Taissumani, April 29

Ohokto’s Story



Inuit knowledge of historic events is long-lasting. We’ve seen how the memories of the meeting between the British explorer, John Ross, and the Nattilingmiut of the Kitikmeot region, recounted to Knud Rasmussen almost a century later, corroborated and enhanced Ross’s own version of those events.

Twenty-four years after Rasmussen passed through the area, another version of the story was told to Lorenzo Learmonth, a fur trader with the Hudson’s Bay Co., who had a passionate interest in local history. Learmonth spoke Inuktitut well, as many traders did in those days when trading posts were isolated and visitors few. He spent much of his time excavating archaeological sites and recording Inuit lore.

In 1947 he recorded a story told to him by Ohokto, a Nattilingmiut, whose ancestors had passed the story down from generation to generation. In many ways the story verifies the version collected by Rasmussen.

There are differences, however. One difference is that Rasmussen recorded the main character’s name as Aviluktoq, Learmonth as Ableelooktook. For ease of reading, I will use “Aviluktoq in the quotations that follow.

And Ohokto’s story presents a side of John Ross – his temper – that Ross sanitized out of his own published version. Learmonth told Ohokto’s story this way:

“One day in the middle of winter many years ago, off the north shore of Lord Mayor Bay… a number of natives were out aglu hunting [breathing-hole sealing]… when one, Aviluktoq, wandered far to the south of where his companions were hunting, led by his hunting dog straining eagerly at its leash. Aviluktoq believed the animal had scented a bear. But suddenly he pulled up short because what he saw ahead? — a strange sight indeed — what appeared to be a house [a dwelling], but not such as he was familiar with, with smoke pouring from its roof and many human beings moving around in its vicinity.

“Not knowing what this strange sight could mean, Aviluktoq was greatly frightened, and without delay took to his heels and made back to the snow village, situated well back in the bay. There he arrived as darkness set in, and just as his companions also returned from their hunting.

“Soon he had told of his discovery, upon which the whole population of the village quickly gathered together in the large village dance house to discuss the matter. Here the principal angakkuq [shaman] donned his main belt of charms and his cape, made of pieces of white deer belly hide, and without delay got to work. He first took a large deerskin and pegged it to the west wall inside the dance house so as to leave the lower side resting partly on the floor. He then obtained a pair of deerskin pants from one of the men and carefully laid them out on the floor behind the deerskin curtain with legs pointing towards the back wall, then crawled in behind the curtain, ordered all qulliq [stone lamp] lights to be extinguished, and the séance was on.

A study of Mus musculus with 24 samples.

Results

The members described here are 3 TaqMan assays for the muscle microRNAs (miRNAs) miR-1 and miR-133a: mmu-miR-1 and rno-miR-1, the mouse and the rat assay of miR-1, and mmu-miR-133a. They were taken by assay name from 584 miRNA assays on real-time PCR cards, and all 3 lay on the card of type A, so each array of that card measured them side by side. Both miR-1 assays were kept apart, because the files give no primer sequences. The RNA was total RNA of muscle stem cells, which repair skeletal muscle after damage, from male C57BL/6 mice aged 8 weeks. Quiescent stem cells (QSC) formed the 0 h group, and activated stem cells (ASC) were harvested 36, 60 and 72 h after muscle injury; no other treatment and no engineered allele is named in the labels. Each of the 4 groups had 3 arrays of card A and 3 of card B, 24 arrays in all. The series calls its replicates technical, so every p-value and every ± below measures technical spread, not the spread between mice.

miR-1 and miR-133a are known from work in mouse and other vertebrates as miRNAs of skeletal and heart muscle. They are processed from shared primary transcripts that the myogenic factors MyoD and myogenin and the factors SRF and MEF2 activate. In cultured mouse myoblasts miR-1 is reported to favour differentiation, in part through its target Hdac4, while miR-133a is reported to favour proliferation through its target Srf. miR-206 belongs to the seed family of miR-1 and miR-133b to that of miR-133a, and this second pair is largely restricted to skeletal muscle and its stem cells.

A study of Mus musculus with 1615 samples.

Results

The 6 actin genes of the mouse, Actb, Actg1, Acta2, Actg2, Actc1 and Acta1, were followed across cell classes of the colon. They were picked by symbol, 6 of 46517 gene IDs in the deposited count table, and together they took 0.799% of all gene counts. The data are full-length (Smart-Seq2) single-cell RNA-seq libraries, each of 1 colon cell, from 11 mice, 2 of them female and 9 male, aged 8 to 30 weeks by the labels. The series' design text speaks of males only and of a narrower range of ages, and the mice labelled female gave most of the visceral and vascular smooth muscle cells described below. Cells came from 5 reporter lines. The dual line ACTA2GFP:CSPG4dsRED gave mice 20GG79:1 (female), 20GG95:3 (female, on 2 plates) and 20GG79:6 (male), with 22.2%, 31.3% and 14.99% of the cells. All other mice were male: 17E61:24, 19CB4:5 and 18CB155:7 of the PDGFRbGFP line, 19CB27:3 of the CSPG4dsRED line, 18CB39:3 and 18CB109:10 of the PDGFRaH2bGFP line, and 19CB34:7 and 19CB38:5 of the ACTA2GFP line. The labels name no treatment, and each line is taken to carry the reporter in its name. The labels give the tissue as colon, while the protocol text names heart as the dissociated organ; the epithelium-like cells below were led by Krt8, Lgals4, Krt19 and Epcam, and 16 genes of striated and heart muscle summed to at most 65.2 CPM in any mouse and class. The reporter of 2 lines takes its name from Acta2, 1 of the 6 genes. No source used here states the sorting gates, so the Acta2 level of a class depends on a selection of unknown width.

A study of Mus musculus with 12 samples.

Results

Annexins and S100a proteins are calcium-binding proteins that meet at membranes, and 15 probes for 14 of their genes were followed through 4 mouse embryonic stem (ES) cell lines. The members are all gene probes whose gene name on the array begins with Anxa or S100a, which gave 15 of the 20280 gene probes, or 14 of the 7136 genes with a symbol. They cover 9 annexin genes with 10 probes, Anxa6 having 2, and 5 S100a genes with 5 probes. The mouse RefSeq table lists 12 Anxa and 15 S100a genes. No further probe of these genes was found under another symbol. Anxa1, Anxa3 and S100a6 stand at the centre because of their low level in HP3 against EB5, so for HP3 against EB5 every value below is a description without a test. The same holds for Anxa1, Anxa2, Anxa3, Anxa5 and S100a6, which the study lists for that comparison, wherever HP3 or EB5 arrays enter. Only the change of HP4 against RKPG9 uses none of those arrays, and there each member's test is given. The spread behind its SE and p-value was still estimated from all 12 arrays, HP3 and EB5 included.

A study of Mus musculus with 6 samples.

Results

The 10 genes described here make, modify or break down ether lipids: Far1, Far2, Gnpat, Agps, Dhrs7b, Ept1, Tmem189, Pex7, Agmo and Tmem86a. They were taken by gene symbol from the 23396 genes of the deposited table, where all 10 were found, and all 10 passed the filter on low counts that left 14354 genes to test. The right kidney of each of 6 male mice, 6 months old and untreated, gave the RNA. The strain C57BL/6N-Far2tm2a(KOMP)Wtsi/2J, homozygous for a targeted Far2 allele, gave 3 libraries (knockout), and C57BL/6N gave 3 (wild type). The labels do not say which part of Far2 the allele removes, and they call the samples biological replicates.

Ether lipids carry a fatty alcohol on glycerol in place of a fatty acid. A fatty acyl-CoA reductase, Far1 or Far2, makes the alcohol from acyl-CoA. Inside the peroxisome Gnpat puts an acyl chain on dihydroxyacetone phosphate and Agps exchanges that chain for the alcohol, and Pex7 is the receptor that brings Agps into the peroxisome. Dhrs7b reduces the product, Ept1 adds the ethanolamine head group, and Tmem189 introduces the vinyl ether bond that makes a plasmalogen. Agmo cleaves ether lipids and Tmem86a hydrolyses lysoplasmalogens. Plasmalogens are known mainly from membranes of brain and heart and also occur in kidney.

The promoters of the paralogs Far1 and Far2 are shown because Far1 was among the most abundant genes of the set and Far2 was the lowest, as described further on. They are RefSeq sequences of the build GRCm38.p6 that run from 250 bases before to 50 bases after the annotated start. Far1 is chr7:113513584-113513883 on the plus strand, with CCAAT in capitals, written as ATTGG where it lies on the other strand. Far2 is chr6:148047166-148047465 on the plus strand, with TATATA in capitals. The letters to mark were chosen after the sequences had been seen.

“As the crowd of scared men, women and children huddled together and anxiously waited in the darkened dance house, the angakkuq got in touch with his familiar spirits and through them with all the other spirits that mattered…

“When all the spirits had gathered together under the curtain, they informed the angakkuq that the strangers seen by Aviluktoq were white men and that they would welcome a visit by the Eskimos. Then the spirits of the white men themselves arrived behind the curtain and invited all the Eskimos to visit their camp… the following day.

“Thus it was that the entire population of the village turned out by daybreak the following morning and proceeded to Felix Harbour. When they came in site of the house [the Victory under canvas covers] they halted and sent forward Nalungituk to await the arrival of some of the white men who could be seen approaching without knives or spears or anything in their hands. Soon they were all on friendly terms with each other and moved over close to the house, where the boss of the white men came forward and greeted them.

“After the second round of greeting was over, the boss [John Ross, presumably] enquired for the man who had been seen near the camp on the previous day as he wished to make him a present. Whereupon Aviluktoq stepped forward and went with him into the house. Once inside the boss handed him an ulu, a woman’s knife, which offended Aviluktoq, because he was a man and a great hunter. What did he want with a woman’s knife? So he pointed to a hand saw which was hanging on a nail and indicated that he would prefer that to the ulu. This in turn made the boss angry, and he thereupon took the ulu back from Aviluktoq, refused him the saw and chased him out of the house.”

Taissumani recounts a specific event of historic interest. Kenn Harper is a historian, writer and linguist who lives in Iqaluit. Feedback? Send your comments and questions to [email protected].